WARRENTON - Four men escaped unhurt when their twin-engined jet struck an elk and caught fire during takeoff at the Astoria Regional Airport early Tuesday.
The pilot of the LearJet 36 was able to bring the plane to a stop in a marshy patch just off the end of the runway, and all four occupants climbed out of the aircraft before it was destroyed by fire.
Crews from the U.S. Coast Guard's Air Station Astoria and Warrenton Fire Department responded and extinguished the fire, which burned up most of the front of the plane's fuselage.
The jet was taking off eastbound at about 6:15 a.m. on the airport's Runway 8 and was just approaching takeoff speed, close to 140 mph, when it apparently struck an elk that wandered onto the runway.
The crew believes a piece of the animal was apparently drawn into the left engine, causing it to catch fire. The pilot was able to keep control of the plane and bring it to a stop about 100 feet off the end of the runway.
"The pilot kept it down the center of the runway and slowed it down," said Jeff Kuzy, one of the passengers. He and the plane's other three occupants enjoyed breakfast at the Runway Cafe - on the house - this morning following the mishap .
The crew checked the runway before beginning takeoff, said another passenger, Rick Ihaksi of Victoria, British Columbia. He was sitting in the passenger section of the aircraft, but doesn't believe the elk was visible in the predawn darkness until the plane struck it.
The engine was still on fire when the four exited the plane, he said. None of the four men on board suffered any injuries.
The remains of the elk sat on the runway this morning as police, Coast Guard and port personnel secured the scene. Officials from the Federal Aviation Administration were due at the airport to conduct an investigation, according to airport manager Ron Larsen. The airport was closed in the aftermath of the crash, but one of the other runways was expected to be opened that morning.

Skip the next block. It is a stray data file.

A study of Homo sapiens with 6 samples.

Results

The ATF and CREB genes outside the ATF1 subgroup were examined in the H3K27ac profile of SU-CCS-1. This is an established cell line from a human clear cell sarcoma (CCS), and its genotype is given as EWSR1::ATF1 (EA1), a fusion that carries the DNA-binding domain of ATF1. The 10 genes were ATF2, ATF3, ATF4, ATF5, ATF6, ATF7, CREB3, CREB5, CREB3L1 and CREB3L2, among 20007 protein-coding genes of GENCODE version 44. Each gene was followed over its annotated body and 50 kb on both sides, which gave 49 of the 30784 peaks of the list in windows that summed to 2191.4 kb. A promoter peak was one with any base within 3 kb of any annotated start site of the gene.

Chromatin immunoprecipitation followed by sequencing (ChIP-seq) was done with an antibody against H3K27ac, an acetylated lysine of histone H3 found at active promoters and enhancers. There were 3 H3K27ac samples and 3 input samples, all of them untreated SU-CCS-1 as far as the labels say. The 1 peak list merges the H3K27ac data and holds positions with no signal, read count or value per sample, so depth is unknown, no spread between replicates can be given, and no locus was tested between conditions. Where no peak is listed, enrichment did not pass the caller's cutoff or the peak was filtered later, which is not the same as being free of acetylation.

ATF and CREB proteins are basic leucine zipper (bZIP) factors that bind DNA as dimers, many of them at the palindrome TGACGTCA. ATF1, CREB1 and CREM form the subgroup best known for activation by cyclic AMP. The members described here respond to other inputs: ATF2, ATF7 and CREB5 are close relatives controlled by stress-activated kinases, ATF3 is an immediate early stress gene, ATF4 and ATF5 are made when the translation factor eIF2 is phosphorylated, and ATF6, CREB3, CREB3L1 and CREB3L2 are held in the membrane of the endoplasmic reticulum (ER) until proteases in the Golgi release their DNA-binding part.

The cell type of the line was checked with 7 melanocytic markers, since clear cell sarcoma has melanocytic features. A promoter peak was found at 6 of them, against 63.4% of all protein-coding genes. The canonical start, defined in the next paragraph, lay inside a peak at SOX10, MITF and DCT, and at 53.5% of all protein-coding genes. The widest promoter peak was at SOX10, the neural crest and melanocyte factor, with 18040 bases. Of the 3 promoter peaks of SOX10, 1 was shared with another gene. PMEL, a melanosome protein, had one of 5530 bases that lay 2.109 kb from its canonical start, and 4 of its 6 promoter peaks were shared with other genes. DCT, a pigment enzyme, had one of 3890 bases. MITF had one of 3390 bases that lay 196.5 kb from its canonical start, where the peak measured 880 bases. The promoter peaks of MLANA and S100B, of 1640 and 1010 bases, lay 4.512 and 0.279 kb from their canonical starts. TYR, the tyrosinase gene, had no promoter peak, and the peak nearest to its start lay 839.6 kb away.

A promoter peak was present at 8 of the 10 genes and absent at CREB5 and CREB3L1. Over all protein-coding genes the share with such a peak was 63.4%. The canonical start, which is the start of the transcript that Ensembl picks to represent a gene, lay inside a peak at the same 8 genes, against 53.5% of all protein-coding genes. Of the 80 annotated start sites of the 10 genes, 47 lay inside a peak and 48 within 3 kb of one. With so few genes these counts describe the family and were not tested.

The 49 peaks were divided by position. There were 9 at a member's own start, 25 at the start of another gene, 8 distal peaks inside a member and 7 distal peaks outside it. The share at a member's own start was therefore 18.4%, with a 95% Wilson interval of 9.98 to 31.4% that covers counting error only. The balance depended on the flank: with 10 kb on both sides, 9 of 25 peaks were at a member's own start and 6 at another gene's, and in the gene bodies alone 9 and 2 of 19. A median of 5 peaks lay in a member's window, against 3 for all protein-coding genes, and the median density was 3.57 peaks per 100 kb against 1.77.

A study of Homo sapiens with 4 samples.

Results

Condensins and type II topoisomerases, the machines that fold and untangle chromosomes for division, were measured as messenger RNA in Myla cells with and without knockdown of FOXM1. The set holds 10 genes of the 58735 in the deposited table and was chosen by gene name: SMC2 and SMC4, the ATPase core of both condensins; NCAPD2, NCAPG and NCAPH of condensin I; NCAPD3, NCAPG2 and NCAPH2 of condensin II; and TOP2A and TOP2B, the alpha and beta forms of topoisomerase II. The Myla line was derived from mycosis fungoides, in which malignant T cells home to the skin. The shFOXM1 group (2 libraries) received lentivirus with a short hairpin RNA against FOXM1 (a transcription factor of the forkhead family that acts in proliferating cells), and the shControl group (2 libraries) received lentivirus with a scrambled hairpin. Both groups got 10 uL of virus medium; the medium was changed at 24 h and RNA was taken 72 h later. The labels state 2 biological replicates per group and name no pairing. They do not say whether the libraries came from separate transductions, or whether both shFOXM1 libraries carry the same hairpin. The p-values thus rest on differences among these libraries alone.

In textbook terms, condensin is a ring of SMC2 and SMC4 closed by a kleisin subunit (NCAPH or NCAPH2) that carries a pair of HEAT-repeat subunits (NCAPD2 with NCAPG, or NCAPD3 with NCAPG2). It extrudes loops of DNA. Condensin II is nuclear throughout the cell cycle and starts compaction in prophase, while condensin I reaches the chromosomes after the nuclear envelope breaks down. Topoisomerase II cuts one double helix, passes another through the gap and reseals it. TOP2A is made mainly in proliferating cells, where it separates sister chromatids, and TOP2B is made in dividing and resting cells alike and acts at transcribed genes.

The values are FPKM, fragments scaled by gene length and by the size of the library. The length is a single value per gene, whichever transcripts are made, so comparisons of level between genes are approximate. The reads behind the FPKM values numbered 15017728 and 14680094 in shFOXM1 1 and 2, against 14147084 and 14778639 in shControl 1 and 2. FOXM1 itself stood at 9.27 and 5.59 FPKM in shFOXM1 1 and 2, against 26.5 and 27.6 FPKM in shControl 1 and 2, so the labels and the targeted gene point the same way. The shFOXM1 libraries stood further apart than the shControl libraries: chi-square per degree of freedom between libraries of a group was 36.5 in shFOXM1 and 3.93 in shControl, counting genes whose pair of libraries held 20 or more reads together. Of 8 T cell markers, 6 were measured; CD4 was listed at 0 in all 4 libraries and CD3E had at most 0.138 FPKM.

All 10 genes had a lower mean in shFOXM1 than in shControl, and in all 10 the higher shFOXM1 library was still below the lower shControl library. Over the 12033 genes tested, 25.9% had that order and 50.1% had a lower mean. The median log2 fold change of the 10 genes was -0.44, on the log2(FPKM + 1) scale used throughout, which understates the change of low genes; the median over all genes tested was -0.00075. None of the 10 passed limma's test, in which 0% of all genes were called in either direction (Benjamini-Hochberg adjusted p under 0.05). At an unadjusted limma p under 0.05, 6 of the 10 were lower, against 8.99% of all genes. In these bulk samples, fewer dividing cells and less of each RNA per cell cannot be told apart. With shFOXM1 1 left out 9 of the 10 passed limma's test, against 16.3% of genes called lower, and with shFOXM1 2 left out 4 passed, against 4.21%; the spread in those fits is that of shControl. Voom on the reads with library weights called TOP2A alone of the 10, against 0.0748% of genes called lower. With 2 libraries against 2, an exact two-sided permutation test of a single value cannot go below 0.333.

The plane is owned by Phoenix Air, a private air charter company headquartered in Cartersville, Ga. It was on a support mission for the Canadian Navy, according to Ihaksi.
Phoenix Air vice president Dent Thompson said he couldn't provide any more details about the plane's mission beyond the fact that it was providing support services for the Canadian military.
The aircraft was on a routine, so-called "vanilla" flight and carried no hazardous or classified materials, he said.
The company provides services to all branches of the U.S. military, as well as Canada and NATO, Thompson said. "Phoenix Air is a contractor to a lot of different militaries around the world."
In civilian form the planes have room for two pilots and six passengers. The plane involved in today's accident was converted to hold additional cargo.
"The crew is highly trained, and they averted a much worse problem by putting their training into gear," Thompson said.
John Overholser, operator of the Runway Cafe, heard a loud bang as the LearJet accelerated down the runway. When he didn't hear the plane airborne, he drove to the end of the runway to investigate. After seeing the crew members out of the plane and apparently unhurt, he called 9-1-1 and then moved away from the scene.
"I didn't want to stay around with 660 gallons of jet fuel on board," he said.
Mike Holtsclah, helicopter pilot for the Columbia River Bar Pilots, was at the pilots' crew quarters when he heard the collision.
"From my vantage point there was a large boom, and a trail of fire - I knew something was definitely wrong," he said. Flames extended as much as 1,000 feet behind the aircraft as it continued to roll down the runway, he said.
Holtsclah took off in the bar pilots' helicopter and hovered over the crash site, illuminating the area with a spotlight for the emergency vehicles that arrived on the scene.
"The pilots on the aircraft did an exceptional job" bringing the plane to a stop after the collision, he said.
The Port of Astoria, the airport's operator, had a 10-foot fence installed around most of the perimeter the facility last year. It is currently seeking permits from the U.S. Army Corps of Engineers to allow for work in wetlands to complete the remaining section of the fence.
"The second portion is scheduled for next summer - if not sooner," Larsen said.